W. Edwards Deming: From Profound Knowledge to 14 Points for Management

Dr. Joseph A DeFeo Knowledge

Who Was W. Edwards Deming?

Edwards Deming was an American statistician, business professor and engineer who designed the ‘System of Profound Knowledge’ and devised a list of fourteen points for quality improvement in management. His work still carries significant influence to this day, and he is considered one of the leading proponents of management philosophy.

Although his work is cited around the world, Edwards Deming is most notable for his influence on Japanese business. His theories were applied at manufacturing companies across Japan, and led to hugely increased productivity, earning him an excellent reputation for reducing expenses and increasing productivity.

Edwards Deming’s achievements in business management led to a number of significant honours – most notably, in 1960 he was awarded Japan’s Order of the Sacred Treasure (Second Class) for his services to the country’s economic resurgence. In 1991, two years before his death, he was inducted into the Automotive Hall of Fame in New York.

The System of Profound Knowledge

Edwards Deming’s ‘System of Profound Knowledge’ works on the principle that every business is made up of related people and processes who work together, and that the success of the system depends on the ability to manage those components successfully. He theorized that there were four elements to understand in order to improve the effectiveness of a business:

  • Appreciation of the system (understanding the various processes of the business)
  • Knowledge of variation (understanding how and why quality may vary within the business)
  • Theory of knowledge (understanding how your workers act and think based on what they believe to be true)
  • Psychology (understanding the concept of human nature that instructs your workers’ beliefs and motivations)

What are Deming’s 14 Points for Management?

As well as his System of Profound Knowledge, Deming also presented 14 management principles that he believed could improve efficiency in business, encouraging a holistic approach that encompasses not only business ideas, but concepts centring on how humans operate as well.

  1. Create constancy of purpose by continually looking for ways to improve both products and services, in order to become/remain competitive.
  2. Recognize that the new philosophy of management imported from Japan, prioritising quality above all else, is key. Your business must welcome innovation and change in order to improve.
  3. Cease dependence on inspection – strive to ensure products and services are of excellent quality throughout the process, rather than relying on inspection to highlight faults or inefficiencies.
  4. End ‘lowest tender’ contracts – while this method may save money in the short-term, in the long-term it is better to build relationships with specific suppliers that you can rely on, ensuring a high quality of service.
  5. It is essential that you continually seek out problems – by constantly evaluating and ironing out creases in your processes, you can maximize productivity and minimize waste of both time and money.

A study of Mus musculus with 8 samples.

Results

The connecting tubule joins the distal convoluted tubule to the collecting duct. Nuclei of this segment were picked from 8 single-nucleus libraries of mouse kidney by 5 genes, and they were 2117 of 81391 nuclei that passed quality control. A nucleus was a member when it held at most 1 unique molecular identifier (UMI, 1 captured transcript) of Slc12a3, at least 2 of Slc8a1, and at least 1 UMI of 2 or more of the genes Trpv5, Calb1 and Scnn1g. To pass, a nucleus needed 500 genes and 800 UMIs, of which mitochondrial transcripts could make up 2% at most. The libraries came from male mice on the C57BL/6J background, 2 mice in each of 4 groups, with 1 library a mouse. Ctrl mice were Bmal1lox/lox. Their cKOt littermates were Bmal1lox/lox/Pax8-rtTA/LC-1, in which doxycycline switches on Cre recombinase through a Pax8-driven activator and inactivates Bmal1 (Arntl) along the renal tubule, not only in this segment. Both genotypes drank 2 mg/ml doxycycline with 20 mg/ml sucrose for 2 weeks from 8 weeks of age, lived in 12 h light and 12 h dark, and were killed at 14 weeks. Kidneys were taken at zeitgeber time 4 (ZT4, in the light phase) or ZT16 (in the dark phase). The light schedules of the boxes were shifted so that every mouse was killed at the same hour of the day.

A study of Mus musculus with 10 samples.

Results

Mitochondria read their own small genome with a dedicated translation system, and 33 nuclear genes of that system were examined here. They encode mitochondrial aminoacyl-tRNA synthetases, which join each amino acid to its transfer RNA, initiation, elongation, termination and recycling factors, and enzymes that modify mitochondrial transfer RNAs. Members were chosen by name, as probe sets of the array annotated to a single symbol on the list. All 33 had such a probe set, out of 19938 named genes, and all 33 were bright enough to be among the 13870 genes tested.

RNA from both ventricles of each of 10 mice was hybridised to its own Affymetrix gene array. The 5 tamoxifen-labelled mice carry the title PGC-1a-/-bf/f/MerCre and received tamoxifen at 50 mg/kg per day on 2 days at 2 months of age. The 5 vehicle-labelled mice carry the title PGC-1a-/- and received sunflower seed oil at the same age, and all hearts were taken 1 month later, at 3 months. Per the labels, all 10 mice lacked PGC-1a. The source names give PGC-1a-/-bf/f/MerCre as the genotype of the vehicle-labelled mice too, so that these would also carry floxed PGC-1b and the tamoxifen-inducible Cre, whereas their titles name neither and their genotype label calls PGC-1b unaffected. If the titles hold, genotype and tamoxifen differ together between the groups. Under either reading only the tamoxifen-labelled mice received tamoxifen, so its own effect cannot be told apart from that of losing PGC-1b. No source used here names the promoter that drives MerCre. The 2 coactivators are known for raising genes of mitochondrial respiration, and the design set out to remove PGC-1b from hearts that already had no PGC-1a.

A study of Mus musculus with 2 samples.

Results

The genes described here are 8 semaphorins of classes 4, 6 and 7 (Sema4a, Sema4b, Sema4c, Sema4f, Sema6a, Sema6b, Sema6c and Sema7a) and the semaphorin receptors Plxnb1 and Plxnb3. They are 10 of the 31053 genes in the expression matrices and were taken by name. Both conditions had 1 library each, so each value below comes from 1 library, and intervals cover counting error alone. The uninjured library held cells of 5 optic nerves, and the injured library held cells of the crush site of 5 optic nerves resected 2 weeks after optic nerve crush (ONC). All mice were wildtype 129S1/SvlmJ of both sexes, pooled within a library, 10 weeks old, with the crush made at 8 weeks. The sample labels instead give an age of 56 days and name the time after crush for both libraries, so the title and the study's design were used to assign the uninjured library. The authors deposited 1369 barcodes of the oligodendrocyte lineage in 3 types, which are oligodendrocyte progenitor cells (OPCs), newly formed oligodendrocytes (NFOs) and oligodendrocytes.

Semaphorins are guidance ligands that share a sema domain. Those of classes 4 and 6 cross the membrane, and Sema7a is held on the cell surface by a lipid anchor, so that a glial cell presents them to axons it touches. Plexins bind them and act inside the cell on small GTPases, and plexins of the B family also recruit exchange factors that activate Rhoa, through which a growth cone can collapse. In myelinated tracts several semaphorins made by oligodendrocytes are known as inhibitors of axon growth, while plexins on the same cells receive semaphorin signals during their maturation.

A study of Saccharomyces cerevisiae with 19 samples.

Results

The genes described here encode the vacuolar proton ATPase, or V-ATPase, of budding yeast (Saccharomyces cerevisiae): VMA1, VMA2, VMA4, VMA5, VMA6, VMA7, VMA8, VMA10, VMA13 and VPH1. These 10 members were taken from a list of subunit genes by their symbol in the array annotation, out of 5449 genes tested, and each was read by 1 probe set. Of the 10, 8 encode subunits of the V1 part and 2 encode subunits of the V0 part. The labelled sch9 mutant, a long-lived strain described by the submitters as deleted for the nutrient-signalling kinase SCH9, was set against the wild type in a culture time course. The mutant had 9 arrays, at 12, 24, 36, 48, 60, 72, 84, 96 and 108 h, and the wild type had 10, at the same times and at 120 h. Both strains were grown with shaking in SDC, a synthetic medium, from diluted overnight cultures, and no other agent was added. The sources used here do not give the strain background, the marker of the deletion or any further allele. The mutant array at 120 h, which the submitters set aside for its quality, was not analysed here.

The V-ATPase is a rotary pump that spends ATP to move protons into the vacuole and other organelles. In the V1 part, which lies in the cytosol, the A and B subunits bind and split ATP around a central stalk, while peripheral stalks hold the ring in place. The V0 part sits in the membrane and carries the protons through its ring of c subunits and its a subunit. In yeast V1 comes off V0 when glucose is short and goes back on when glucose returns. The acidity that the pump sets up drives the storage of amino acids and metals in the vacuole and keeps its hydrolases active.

6. Institute training on the job – training is key to a successful business, and dedicated development of your staff allows them to improve their efficiency and understanding of how your business works.
  7. Institute supervision as part of your business plan – managers should be able to supervise operations effectively in order to ensure both employees and production lines work efficiently.
  8. Whether fear of failure, fear of reprisals or fear of management, fear is unhelpful to the success of your business. Drive out fear by encouraging communication, respect and teamwork at all levels of your business.
  9. Break down barriers between departments and hierarchies in order to ensure everyone in your business has a deeper understanding of how each part of the company works – better cooperation will naturally lead to better efficiency.
  10. Eliminate exhortations – Positive slogans and warnings are intended to motivate, but usually have the opposite effect. If morale is low or targets are missed, it is usually due to systemic issues rather than the fault of employees.
  11. Eliminate targets – demanding minimum quotas places an emphasis on quantity of production rather than quality, which can lead to mistakes.
  12. Employees should enjoy their work and take satisfaction from a job well done. Permit pride of workmanship in order to raise employee morale.
  13. Institute education – tying in with the point about training on the job, educating your employees is essential to an effective business. Making training and self-development a fundamental part of an employee’s job allows them to reach higher standards and improves morale.
  14. The transformation is everyone’s job – recognize that improving your business is the responsibility of everyone at the company, not just management’s, and that your management can give each employee the stimulus to increase efficiency in their individual areas.

The Deming Prize

The Deming Prize is an award given to individuals who have successfully integrated Total Quality Management (TQM) into their business, or have contributed to the advancement of the concept of quality. Established in 1951 and named after W. Edwards Deming in recognition of the huge impact he had on quality control in Japan, the award is usually reserved for Japanese companies – although worldwide companies are now eligible.